Soy growers, NBB express concerns over supply chain—but not soy oil supplies
As the House Agriculture Committee hearing on The Immediate Challenges to Our Nation’s Food Supply Chain convenes Nov. 3, producers, processors, and users of soy are expressing their concerns over recent issues ranging from labor shortages to shipping woes. They’re also expressing what they’re not concerned about: soy oil supplies.
Food industry groups have waged claims that there’s a crunch on the supply of soy oil available when soy is crushed—and that foodservice cannot get enough edible oil for cooking because, those groups say, oil is being diverted to biodiesel and a burgeoning renewable diesel market.
In a recent editorial, American Soybean Association CEO Stephen Censky was clear: There is no cause for alarm; 86 million acres of soy are currently being harvested—and a projected record 4.4 billion bushels. Likewise, processors are gearing up to process more soy and assure adequate soy oil is available for food, feed and fuel: At least seven new oilseed processing plants are under development, and soybean oil production by the domestic processing industry is projected by USDA to reach a record level this year—on top of a 26 percent growth in supply over the last 10 years. In short, Censky said, the markets are responding to the new demands.
The National Biodiesel Board agrees, stating that new demand is sending the right market signals to both soybean farmers and soybean crushers, leading to increased value for farmers, processors, and rural economies, which in turn leads to more protein for livestock production and oil for food manufacturers.
Both NBB and ASA also have concerns that pinning inflationary pressures impacting the food and agriculture sector across all cost categories on renewable fuels expansion could affect support of the Renewable Fuel Standard.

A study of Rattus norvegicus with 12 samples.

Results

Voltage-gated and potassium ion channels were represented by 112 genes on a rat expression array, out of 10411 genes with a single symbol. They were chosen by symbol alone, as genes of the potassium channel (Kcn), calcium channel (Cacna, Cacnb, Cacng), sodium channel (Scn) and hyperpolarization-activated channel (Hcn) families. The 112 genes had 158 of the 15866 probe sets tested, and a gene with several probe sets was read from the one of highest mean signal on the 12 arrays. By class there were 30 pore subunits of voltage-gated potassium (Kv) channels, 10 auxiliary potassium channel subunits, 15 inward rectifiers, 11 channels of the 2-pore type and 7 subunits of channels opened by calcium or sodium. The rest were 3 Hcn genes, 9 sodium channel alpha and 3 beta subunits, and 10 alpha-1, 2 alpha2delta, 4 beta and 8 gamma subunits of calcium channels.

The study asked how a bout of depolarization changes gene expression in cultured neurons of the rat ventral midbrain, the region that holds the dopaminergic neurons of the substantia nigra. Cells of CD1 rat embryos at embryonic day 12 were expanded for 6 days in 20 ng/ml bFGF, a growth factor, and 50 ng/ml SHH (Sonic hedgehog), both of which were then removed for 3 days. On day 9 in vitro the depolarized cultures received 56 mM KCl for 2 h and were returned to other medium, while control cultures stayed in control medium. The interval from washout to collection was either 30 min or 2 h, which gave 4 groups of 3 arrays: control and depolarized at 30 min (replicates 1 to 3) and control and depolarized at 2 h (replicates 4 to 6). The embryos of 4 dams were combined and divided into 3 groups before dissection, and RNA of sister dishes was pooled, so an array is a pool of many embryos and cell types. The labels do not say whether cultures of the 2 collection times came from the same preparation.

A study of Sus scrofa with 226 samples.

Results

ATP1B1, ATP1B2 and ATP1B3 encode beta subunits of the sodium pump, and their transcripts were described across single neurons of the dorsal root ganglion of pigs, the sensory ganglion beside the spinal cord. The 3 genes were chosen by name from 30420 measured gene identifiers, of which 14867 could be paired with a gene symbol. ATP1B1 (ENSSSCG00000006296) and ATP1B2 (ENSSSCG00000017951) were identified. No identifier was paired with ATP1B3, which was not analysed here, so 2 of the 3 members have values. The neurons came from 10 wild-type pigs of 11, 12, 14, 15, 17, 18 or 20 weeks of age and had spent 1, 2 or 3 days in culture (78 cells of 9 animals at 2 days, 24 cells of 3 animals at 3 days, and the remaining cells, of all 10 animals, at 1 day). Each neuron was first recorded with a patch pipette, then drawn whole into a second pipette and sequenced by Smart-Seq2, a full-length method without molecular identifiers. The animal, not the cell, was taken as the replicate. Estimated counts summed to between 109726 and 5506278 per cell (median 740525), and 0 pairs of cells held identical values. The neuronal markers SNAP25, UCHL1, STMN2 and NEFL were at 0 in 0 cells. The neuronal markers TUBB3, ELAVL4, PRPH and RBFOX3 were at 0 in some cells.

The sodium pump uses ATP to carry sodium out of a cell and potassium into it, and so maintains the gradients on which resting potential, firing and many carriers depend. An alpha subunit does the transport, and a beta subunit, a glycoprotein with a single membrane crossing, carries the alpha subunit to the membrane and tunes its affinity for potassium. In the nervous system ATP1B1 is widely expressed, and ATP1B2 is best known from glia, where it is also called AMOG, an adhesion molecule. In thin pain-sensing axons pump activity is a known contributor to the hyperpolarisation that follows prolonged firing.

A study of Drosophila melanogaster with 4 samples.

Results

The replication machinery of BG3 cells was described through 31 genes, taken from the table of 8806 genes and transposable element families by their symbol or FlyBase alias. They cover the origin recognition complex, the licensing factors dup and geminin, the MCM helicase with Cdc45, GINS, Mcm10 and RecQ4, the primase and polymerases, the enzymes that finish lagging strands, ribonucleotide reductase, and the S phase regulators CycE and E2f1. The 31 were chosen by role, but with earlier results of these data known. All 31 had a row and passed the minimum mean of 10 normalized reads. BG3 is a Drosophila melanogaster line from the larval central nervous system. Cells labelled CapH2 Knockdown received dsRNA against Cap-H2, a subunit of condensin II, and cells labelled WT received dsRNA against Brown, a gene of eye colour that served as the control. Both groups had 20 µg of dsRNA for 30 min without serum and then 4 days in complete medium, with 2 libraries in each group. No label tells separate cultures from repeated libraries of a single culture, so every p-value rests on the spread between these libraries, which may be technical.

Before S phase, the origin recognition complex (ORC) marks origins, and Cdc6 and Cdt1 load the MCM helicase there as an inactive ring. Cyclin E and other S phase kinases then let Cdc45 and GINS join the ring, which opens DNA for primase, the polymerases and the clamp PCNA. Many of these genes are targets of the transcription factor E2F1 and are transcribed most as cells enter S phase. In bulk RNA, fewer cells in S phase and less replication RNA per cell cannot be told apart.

“Biodiesel and renewable diesel production consistently support 13 percent of the value of every U.S. soybean bushel,” said NBB CEO Donnell Rehagen. “Sustainable growth in our industry is also supporting new investments in domestic soybean-crush capacity, which will translate into additional value for U.S. farmers and rural economies. A misguided attack on the Renewable Fuel Standard will simply undercut a valuable, stable market for the record harvest that soybean growers are achieving this year.”
In 2020, biodiesel production added close to $6 billion in U.S. farmers’ return on soybeans. And, biodiesel does not solely support farmers. The industry has a $17 billion economic impact and supports 65,000 American jobs.
“There is currently not a soy oil supply shortage, nor is one envisioned by year-end, but there are in fact very real supply-chain challenges impacting U.S. agriculture,” said Kevin Scott, soy grower from Valley Springs, South Dakota, and ASA president. “We greatly appreciate the committee’s attention to these genuine issues and how to address them. Likewise, we hope the administration will demonstrate the commitment to biofuels and the RFS it has pledged despite these shortage rumors.”
The chief executive officers of more than a dozen agriculture groups recently identified the key supply issues affecting agriculture and related industries. Those concerns include labor, barge shipments, ports and shipping containers, trucking and rail freight, fertilizer, chemical inputs, energy, equipment and parts, and water availability. Read their full letter filed Oct. 18 with the Department of Transportation for submission to the White House Supply Chain Task Force.
Soybeans and all agricultural commodities rely on a multimodal network to move product to market. As such, a strong supply chain built on reliable infrastructure systems represents the largest advantage for American soybean farmers over competitors in Brazil and Argentina. Recent supply-chain challenges related to transportation and infrastructure, input supply, and labor continue to negatively impact soybean growers and the agricultural industry as a whole.